ReadyAmerica Homeland InitiativeEngaging the Private and Community Sectors
Crisis Response OfficerA New Corporate Position in Local Preparedness and Response
Recent disasters illustrate the important role of the private sector in supporting response and recovery efforts. Many public sector agencies depended on the logistics and resource capabilities of private sector contractors to deliver, manage and maintain critical communications, warehouse and materiel services. These disasters also underscore an additional reality: crisis recovery during the first 72 hours depends upon the degree of preparedness and first response capability of the immediate and surrounding communities. If a local jurisdiction lacks adequate materiel, sufficient numbers of personnel and effective administration of resources, professionals and volunteers, the chances of a quick community recovery can fade.
Business continuity and community continuity are integral to each other.
Local business must play an important role in community preparedness and response. In addition to the civic responsibility and good Samaritan contributions that underpin private sector contributions to preparedness and response, local commercial vitality after a crisis is determined in part by the same forces and consequences that affect community recovery after crisis.
Crisis Response Officer
Every local business should appoint an employee to a new position in every facility called the crisis response officer (CRO), to act as liaison from the facility to the local public responder/law/medical sectors – and function as a partner to help plan and train their employees for community crisis.
The CRO serves three primary functions: 1) act as the key liaison between the corporation and the surrounding jurisdiction leadership for planning, response and continuity; 2) establish a direct link to responder sector leaders to facilitate training, preparedness and response planning; and 3) serve as the task officer to help employees and their families prepare, respond and recover from crisis.
Preparation and synchronized response can keep a humanitarian recovery from devolving into a law enforcement crisis.
The CRO can identify corporate resources and employees that can be assets to the community during threat or crisis. Because there is a shared interest in community recovery, this can result not only in a more robust response, but a quicker recovery, with businesses and community organizations working together to prepare, respond and recover.
In addition to the individual role, a national organization of CROs has been formed called the Corporate Crisis Response Officers Association (CCROA) to develop pilot projects that demonstrate practical initiatives that overcome legal, financial and sector barriers to participation.
The benefits to the local community are two-fold: 1) encouraging collaboration between municipalities and their local employers and businesses to establish a new standard of participation protected in part by new laws at the local and state leve; and 2) by removing barriers to private sector involvement in preparedness and crisis that could augment and magnify the local community capability (and make it more adaptive and responsive) by magnitudes far greater than possible through a public-sector tax-funded system.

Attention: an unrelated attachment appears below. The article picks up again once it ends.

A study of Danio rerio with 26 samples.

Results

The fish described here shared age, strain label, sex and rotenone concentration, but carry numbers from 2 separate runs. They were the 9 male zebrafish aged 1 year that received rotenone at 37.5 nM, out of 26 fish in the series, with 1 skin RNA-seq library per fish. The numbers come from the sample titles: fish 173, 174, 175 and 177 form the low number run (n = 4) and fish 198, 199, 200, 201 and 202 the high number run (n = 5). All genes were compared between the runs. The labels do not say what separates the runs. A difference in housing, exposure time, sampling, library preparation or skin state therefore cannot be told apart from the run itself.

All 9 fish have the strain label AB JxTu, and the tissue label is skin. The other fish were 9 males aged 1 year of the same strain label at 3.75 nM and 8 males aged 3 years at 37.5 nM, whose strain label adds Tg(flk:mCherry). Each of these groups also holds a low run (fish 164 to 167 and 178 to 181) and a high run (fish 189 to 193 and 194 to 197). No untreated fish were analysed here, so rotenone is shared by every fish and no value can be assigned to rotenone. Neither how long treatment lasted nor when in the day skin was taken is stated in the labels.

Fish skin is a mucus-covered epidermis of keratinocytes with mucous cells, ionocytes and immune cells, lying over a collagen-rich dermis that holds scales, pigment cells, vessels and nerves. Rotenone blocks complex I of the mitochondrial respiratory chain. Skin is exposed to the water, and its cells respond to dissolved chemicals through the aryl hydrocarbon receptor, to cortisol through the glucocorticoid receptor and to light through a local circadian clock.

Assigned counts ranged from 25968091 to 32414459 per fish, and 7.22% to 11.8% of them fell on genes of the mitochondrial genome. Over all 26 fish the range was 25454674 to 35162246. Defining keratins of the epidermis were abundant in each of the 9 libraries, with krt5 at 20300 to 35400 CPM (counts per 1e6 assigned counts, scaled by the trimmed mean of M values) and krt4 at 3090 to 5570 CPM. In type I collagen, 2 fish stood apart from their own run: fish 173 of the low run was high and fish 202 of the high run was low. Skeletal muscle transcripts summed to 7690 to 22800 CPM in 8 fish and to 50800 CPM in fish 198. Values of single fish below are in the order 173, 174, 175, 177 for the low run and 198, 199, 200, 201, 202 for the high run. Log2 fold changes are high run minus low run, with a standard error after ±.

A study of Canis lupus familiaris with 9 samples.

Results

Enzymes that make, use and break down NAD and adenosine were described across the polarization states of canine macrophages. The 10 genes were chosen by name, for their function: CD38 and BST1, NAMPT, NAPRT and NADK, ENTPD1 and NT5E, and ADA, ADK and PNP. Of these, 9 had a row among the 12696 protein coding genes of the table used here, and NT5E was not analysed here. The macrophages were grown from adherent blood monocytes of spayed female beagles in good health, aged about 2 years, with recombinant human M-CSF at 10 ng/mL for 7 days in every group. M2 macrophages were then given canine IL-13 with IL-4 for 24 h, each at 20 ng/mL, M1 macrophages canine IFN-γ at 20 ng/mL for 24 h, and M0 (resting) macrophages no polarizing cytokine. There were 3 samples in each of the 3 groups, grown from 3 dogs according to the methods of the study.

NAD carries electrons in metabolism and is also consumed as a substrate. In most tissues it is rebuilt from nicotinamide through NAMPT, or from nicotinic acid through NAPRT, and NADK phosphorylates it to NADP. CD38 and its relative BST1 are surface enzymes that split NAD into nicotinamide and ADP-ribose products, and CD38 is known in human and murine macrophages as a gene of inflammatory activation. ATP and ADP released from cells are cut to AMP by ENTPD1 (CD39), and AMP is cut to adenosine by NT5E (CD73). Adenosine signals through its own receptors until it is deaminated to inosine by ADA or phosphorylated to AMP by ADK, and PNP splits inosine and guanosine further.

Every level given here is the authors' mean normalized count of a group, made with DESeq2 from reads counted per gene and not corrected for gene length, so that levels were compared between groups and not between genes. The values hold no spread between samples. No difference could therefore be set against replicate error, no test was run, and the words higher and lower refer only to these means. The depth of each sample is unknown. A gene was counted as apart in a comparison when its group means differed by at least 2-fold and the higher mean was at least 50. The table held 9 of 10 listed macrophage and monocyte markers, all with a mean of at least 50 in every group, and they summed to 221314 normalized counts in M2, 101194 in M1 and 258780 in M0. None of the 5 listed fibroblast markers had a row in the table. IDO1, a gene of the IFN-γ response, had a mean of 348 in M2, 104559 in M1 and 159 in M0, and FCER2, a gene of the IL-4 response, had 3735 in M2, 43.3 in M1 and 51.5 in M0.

ReadyCorpsSeptember 11, 2001 has not only changed the way communities view their preparation and response to crisis, but also redefined the role that citizens and corporations have in helping their communities prepare for and respond to threat and crisis. Though local, state and federal governments are responsible at one level or another, there just are not enough resources to protect all communities and property at all times, nor to respond equally or quickly. The threat and the country are too open and large.
The National Council on Readiness and Preparedness has formed ReadyCorps to bring corporations together with communities, responders and governments to increase community surge capacity during incidents of mass casualty or destruction. ReadyCorps members will establish a corporate Crisis Response Officer (CRO) for each corporate facility, to serve as a contact point between responders and corporations to share information and assets, create preparedness response strategies and generally develop simple but effective ways to train and prepare employees for threat or crisis as resources to the responder sector during community response. Read more about ReadyCorps.
GuardianCorps - local responders who serve as the adjunct professors through the community, vocational and related colleges and universities to train the Crisis Response Officers and their employees, creating a feeder program for local, state and federal programs such as Citizen Corps, CERT and others.
ResponderCorps - a standing reserve under the state(s) defense forces consisting of trained all-hazard responder volunteers, deployable by governors through regional mutual assistance pacts to establish immediate communication/coordination and provide surge management of volunteers and private sector materiel using national standards during the immediate hours of a crisis. They provide the military precision and interoperability without the federal issue of combat troops, yet are under the adjutant general of the state in which the crisis occurs, working through the local incident commander and with jurisdiction and political leadership to back-up and multiply the local capability while waiting for federal or state response support.